I'm also referring to the fact that if you want to keep advancing levels, you'll need to adapt to increases in speed.
A Need for Speed
So how does one thrive from one level to the next? How can you adapt and compete with bigger, stronger players and the quickness they bring?
One way is to be a superior athlete with great instincts. And for the rest of us, well, we're gonna have to work at it.
Practice Makes Perfect
Here's how you do it. You practice moving fast. Make sure you spend a portion of your practice time outside of your comfort zone. Do your drills faster than you think you can do them.
For example, instead of taking your ground balls with the ol' right-left field, right-left throw footwork, try charging them out of control and getting rid of the ball as quickly as possible. Even if that means throwing off the wrong foot.
For us catchers, instead of making sure your throwing footwork is spot-on and your arm is in the perfect slot, try going 110 percent during your 10-15 daily practice throws to second (you ARE taking 10-15 daily pegs on the field, right?) Even if that means throwing from a 3/4 arm slot and your feet are all tangled up.
See how long you can wait in your blocking drills before you explode on the ball in the dirt. Maybe ask a coach from a team in a league above you if you might be able to catch a few bullpens, thus getting familiar with the speed and movement of superior pitching.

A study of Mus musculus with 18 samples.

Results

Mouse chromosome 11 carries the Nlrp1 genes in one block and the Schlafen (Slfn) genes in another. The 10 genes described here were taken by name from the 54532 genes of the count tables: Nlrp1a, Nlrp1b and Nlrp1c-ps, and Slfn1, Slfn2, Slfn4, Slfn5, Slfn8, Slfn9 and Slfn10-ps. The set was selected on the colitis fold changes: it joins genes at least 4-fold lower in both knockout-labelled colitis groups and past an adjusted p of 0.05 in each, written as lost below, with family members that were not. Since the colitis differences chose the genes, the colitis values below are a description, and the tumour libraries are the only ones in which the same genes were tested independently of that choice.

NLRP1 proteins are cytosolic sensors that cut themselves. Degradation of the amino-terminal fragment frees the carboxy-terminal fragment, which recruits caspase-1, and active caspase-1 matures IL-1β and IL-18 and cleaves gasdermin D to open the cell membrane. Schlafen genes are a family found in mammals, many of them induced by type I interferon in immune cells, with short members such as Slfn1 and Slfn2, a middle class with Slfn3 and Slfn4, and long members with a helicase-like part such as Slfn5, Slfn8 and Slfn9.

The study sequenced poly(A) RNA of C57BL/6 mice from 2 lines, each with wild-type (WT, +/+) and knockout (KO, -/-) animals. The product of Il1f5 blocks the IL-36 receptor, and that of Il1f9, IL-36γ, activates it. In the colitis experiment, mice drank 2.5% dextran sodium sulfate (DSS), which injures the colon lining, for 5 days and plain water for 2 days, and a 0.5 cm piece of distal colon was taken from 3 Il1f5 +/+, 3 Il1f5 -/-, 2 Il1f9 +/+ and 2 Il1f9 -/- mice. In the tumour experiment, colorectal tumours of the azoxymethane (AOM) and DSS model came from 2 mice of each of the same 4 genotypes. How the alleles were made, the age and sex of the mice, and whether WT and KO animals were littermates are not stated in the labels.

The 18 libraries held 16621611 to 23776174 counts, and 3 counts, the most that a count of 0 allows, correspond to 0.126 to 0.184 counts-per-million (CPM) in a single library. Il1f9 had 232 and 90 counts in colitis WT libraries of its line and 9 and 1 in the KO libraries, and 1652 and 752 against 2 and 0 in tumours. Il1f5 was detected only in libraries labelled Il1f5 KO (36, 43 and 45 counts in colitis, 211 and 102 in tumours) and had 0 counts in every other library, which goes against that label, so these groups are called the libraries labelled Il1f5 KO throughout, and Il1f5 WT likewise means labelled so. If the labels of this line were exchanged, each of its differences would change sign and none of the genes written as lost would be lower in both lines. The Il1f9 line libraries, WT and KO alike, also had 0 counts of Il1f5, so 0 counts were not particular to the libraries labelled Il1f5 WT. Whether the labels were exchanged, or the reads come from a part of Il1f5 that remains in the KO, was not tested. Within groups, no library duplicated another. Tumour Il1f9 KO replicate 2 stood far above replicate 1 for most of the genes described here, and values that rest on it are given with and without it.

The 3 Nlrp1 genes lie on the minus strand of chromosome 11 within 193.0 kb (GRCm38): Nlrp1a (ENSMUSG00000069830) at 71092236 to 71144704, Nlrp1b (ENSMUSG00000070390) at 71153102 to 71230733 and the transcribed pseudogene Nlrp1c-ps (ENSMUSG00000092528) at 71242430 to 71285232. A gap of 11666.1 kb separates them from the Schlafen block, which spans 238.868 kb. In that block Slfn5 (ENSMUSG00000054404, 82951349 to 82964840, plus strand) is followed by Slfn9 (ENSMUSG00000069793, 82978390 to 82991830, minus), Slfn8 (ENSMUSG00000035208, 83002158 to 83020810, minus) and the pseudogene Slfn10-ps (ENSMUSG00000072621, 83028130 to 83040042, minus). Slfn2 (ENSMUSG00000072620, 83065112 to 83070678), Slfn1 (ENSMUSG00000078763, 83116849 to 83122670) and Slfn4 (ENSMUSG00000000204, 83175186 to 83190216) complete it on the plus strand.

Pushing the Boundaries
The point is, speed is the defining difference between levels. Unless your name is Bo Jackson, you better figure out a way to deal with this fact.
I'm not suggesting spending your entire practice out of control. I am suggesting you get familiar with your limits and try to expand/push them.
Learn how to walk the razor's edge between spazzing out and what's comfortable. Practicing quickly will make you a better athlete and give you that second gear needed to compete with the big boys.
Till next time, have fun, play hard, and keep your eye on the ball...
Brent Mayne is a 15-year veteran of the Major Leagues. He ranks 75th in the history of baseball with 1,143 pro games caught, and his .993 career fielding percentage is 4th all-time. Brent is the author of the book "The Art of Catching"--a comprehensive guide to teaching and building defensive catching skills.